There is so much that happens in the video game world that the public is never made aware of. New intellectual property is created and destroyed all the time for a multitude of reasons and the public rarely hears a peep about it. Even games that are well on their way to being finished can get canned. That is the story of The Four Horsemen of the Apocalypse video game.


To understand the full impact of why this is such a celebrated released, you need a quick history lesson. Back in 2002, it was announced that 3DO would be partnering with Stan Winston to create a game for The Four Horsemen of the Apocalypse video game which would be released on the Gamecube, PlayStation 2 and Xbox consoles. Unfortunately, six months later the 3DO company went bankrupt and the game was scrapped. In 2004, the game’s creator, Michael Mendheim, announced that the IP was “far from dead” but little was heard for several years. In 2008, a deal was struck with Vogster Entertainment LLC to restart development on the video game and things were progressing well. The art book was coming along, the video game was going well and it seemed hopeful that we’d see some fruit from these seeds. That was until late 2009 when Vogster shut down its game division and it seemed like neither the game, nor book would ever be finished. While the video game still continues in limbo, thankfully, Heavy Metal Magazine acquired the rights to publish the art book and here we are, the first product of the IP after twelve years of back and forth. Luckily, it was worth the wait.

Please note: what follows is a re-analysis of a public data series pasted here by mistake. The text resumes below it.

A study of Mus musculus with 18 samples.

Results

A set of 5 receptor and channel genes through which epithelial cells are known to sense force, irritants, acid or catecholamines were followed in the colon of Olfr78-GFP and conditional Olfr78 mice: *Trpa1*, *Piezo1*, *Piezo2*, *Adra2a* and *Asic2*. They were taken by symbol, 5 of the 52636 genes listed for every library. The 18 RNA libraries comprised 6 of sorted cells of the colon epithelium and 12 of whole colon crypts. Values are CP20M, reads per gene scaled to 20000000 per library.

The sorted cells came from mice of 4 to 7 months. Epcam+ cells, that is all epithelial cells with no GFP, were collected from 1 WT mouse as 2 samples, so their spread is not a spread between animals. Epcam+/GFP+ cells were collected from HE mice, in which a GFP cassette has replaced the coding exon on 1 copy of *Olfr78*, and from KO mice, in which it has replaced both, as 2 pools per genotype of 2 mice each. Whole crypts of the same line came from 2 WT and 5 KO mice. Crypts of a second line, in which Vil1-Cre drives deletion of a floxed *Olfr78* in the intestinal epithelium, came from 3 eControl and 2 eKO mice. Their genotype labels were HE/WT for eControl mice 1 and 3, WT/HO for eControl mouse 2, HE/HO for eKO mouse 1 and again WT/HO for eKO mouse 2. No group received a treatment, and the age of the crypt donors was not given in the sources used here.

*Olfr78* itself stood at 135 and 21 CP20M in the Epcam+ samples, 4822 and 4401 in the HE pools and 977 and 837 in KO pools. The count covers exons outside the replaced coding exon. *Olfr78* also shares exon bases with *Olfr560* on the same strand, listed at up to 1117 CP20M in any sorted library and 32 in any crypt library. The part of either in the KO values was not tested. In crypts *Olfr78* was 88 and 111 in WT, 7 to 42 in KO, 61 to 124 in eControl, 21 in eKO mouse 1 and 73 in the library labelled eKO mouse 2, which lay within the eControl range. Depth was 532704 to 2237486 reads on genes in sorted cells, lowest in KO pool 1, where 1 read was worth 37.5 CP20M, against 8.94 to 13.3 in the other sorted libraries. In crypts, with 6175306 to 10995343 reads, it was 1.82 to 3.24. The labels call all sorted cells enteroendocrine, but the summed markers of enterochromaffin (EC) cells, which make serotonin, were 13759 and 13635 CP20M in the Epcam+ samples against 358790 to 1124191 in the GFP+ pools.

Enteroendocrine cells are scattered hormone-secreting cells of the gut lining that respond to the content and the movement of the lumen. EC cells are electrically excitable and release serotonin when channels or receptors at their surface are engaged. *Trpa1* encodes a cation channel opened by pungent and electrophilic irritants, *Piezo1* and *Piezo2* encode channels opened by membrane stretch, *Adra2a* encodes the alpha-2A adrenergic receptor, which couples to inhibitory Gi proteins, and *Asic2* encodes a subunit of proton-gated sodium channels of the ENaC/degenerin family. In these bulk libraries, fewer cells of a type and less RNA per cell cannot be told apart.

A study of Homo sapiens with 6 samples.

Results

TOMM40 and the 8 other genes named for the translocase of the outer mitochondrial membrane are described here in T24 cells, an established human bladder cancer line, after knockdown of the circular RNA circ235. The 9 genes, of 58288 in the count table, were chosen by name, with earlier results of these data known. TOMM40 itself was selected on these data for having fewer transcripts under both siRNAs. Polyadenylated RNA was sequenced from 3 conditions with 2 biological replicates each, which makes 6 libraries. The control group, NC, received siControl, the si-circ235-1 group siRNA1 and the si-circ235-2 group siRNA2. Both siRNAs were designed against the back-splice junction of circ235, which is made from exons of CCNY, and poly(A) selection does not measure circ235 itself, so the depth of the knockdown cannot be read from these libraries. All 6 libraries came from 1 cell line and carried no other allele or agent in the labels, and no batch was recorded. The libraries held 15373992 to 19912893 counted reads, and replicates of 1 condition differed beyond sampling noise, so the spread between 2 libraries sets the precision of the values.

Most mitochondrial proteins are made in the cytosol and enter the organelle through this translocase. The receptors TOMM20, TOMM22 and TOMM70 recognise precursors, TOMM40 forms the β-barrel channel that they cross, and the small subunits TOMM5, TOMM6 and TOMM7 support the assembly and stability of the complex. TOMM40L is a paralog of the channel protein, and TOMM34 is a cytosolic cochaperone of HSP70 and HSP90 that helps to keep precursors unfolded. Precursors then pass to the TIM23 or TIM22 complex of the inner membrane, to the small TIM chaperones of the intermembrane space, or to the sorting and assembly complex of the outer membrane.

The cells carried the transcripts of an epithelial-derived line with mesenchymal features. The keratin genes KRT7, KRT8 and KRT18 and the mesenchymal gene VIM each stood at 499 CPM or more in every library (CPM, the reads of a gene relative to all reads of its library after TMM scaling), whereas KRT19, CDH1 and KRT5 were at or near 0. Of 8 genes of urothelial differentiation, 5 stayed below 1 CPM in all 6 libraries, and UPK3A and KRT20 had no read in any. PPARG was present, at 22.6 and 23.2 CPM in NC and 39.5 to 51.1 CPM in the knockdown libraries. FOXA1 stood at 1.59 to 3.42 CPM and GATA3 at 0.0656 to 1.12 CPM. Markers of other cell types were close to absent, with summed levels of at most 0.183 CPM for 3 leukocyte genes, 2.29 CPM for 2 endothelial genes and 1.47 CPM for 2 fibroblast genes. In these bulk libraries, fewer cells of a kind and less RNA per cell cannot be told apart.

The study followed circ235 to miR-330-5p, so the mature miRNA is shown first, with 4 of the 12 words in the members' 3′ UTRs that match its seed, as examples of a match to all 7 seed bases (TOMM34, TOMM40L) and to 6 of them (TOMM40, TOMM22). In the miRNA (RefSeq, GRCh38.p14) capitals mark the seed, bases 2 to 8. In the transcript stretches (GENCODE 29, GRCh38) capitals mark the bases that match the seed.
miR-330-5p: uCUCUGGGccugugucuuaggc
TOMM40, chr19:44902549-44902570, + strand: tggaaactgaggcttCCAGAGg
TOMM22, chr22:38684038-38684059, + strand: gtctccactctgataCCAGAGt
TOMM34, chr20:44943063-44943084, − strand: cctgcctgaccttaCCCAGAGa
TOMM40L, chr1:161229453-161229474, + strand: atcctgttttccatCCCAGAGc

Granted, this is not the video game that was promised, but we do get a very nicely done graphic novel that tells the story of The Four Horsemen of the Apocalypse.
The story follows Adam Cahill who is a descendant of King Solomon and a warrior of the Brothers of the Order of Solomon. Cahill is tasked with the assignment to protect two of the seven seals that keep the Four Horsemen in Hell. If all seven Seals are collected and broken, the Four Horsemen are released and do what they do best. Meanwhile, the cult leader Andrej Belarios, wants to initiate the Apocalypse and has been seeking out the seals. From there, you will have to purchase the novel on your own.


As you could tell from the recap, the story is really interesting with a well developed mythos behind it. The characters are thought out and it is a story worthy of adaptation. However, the most compelling part of the book is Bisley’s art design. After seeing what he created on the page, it is depressing that the video game fell flat. The twisted features of the horsemen is certainly something you wouldn’t soon forget. It is memorable in every sense of the word.

In the end, we are left with a product that has survived the trip from Hell and back. It is really compelling work with both the story and the artwork. You could easily see why they wanted to make this a video game and it is a shame that there are no plans to get this material to that medium. Luckily, the artbook contains the graphic novel in addition to several pages of concept art from the defunct game. While you can’t play this game, you can certainly see where the team was going with it. Who knows, if enough people can come together and support the artist and creators, who knows what avenues we’ll see open in the future. Until then, we highly recommend you check out The Four Horsemen of the Apocalypse.

About The Author

Joe Marchese is the founder / Editor in Chief of New Gamer Nation. He has been a gamer for his whole life but has been focusing on his passion to deliver the industry's new to New Gamer Nation. He is an expert of video game culture and has been featured on Fox News Online. Don't be shy to reach out and let him know what you think!